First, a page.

In times gone by it was about enjoyment and togetherness; a pastime that delivered untold pleasure to those who played it. It used to be pure.
But somewhere along the line, professionalism was ushered in and sport as we knew it changed forever. The focus slowly but surely shifted from what was happening on the pitch to what was going on off of it.
The advent of professionalism allowed money and commercialism to develop their own voices where they once had never been heard. And now, sport’s foot is enmeshed in the voracious machinery of the market.
Look no further than football (soccer). Football isn’t really just a game anymore. Manchester United, for example, is more than just a club. It is a brand; one of the most saleable brands in the game, in fact.
Football is now referred to as a product; a tangible object that can be sold to the highest bidder. And with its shift away from being merely a game, the sport has undergone radical changes.
The emphasis, it seems, is no longer on having fun. Instead, the focus is on winning. This is most evident at the elite level, where success is considered to be paramount.
Away from the elite realm, the sport’s grassroots level has remained largely preserved and detached from football’s commercial dimension. But reports in the local media earlier this week suggest the effects of professionalism have begun trickling down to the amateur game.
Capital Football, the governing body for football in the ACT, announced on Monday its decision to take the unprecedented step of locking the crowd out of an under-12s football match. The decision comes ahead of Canberra FC’s game against Canberra Olympic at Deakin Stadium on August 23.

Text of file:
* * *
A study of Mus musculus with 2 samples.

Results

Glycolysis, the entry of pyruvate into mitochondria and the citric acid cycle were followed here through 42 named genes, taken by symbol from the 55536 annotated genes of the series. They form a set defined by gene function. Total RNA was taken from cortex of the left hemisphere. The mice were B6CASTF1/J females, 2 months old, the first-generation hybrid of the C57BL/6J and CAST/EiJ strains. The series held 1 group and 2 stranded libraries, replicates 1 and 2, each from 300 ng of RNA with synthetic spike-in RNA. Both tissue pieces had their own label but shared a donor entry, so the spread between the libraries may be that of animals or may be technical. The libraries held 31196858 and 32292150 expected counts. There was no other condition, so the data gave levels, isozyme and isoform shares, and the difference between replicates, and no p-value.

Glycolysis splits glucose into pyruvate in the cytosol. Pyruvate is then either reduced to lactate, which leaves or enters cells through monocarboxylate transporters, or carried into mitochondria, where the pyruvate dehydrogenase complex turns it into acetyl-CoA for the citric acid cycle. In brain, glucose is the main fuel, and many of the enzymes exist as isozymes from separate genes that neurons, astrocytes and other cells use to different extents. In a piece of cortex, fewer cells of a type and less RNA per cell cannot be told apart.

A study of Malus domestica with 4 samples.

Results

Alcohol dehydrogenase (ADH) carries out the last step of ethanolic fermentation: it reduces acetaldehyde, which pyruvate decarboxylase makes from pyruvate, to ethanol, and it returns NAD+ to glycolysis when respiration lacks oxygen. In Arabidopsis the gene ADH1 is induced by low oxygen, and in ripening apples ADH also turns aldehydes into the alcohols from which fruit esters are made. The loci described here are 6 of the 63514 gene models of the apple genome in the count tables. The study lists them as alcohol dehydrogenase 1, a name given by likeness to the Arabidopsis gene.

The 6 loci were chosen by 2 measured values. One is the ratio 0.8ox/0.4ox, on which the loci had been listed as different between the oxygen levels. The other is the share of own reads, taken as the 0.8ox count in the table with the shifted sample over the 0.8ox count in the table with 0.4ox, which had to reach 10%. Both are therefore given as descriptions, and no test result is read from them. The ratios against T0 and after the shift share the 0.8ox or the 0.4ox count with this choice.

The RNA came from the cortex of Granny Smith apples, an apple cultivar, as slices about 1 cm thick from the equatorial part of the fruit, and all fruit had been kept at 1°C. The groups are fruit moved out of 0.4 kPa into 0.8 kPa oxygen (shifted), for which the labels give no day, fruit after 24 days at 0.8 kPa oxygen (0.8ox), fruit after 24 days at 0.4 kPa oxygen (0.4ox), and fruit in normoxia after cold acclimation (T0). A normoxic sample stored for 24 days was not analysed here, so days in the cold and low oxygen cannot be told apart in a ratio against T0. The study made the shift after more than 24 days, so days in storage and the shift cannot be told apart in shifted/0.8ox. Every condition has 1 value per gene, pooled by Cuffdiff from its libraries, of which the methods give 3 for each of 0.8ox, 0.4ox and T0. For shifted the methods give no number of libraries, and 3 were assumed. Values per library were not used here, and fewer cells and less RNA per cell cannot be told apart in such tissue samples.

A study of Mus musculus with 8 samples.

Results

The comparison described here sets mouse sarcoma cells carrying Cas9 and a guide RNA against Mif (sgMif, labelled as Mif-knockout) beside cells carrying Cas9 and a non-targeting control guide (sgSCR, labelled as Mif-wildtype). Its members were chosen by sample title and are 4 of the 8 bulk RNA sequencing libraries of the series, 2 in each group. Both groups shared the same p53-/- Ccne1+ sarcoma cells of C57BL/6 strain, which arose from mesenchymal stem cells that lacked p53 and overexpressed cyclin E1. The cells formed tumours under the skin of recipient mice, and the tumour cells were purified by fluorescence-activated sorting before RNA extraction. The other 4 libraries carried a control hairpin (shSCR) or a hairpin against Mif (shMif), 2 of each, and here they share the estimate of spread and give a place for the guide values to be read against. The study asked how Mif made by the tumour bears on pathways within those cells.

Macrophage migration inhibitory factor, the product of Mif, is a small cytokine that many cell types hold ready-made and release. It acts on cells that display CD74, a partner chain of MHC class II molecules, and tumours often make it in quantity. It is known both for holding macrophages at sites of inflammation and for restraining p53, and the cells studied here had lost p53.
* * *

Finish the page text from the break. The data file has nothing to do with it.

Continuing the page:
The two sides last met back in June, and the fiery encounter culminated in an FC player kicking his Olympic opponent. The players then exchanged punches before the children’s parents got involved in a melee akin to the violent incidents commonly seen in European club football, which often result in matches being played behind closed doors, the loss of competition points and the separation of fans, among other things.
Capital Football responded at the time of the incident by suspending the FC player and banning the two parents involved in the incident.
But the decision to go a step further by playing the pair’s next fixture behind closed doors demonstrates the seriousness of the situation, and shows that Capital Football is aware of the associated risks (the sport’s image being tarnished, a drop in participation numbers).
Capital Football has acted in a way to prevent the local game being pushed toward potential disaster – the stage at which the elite level is currently at - and for that it deserves applause.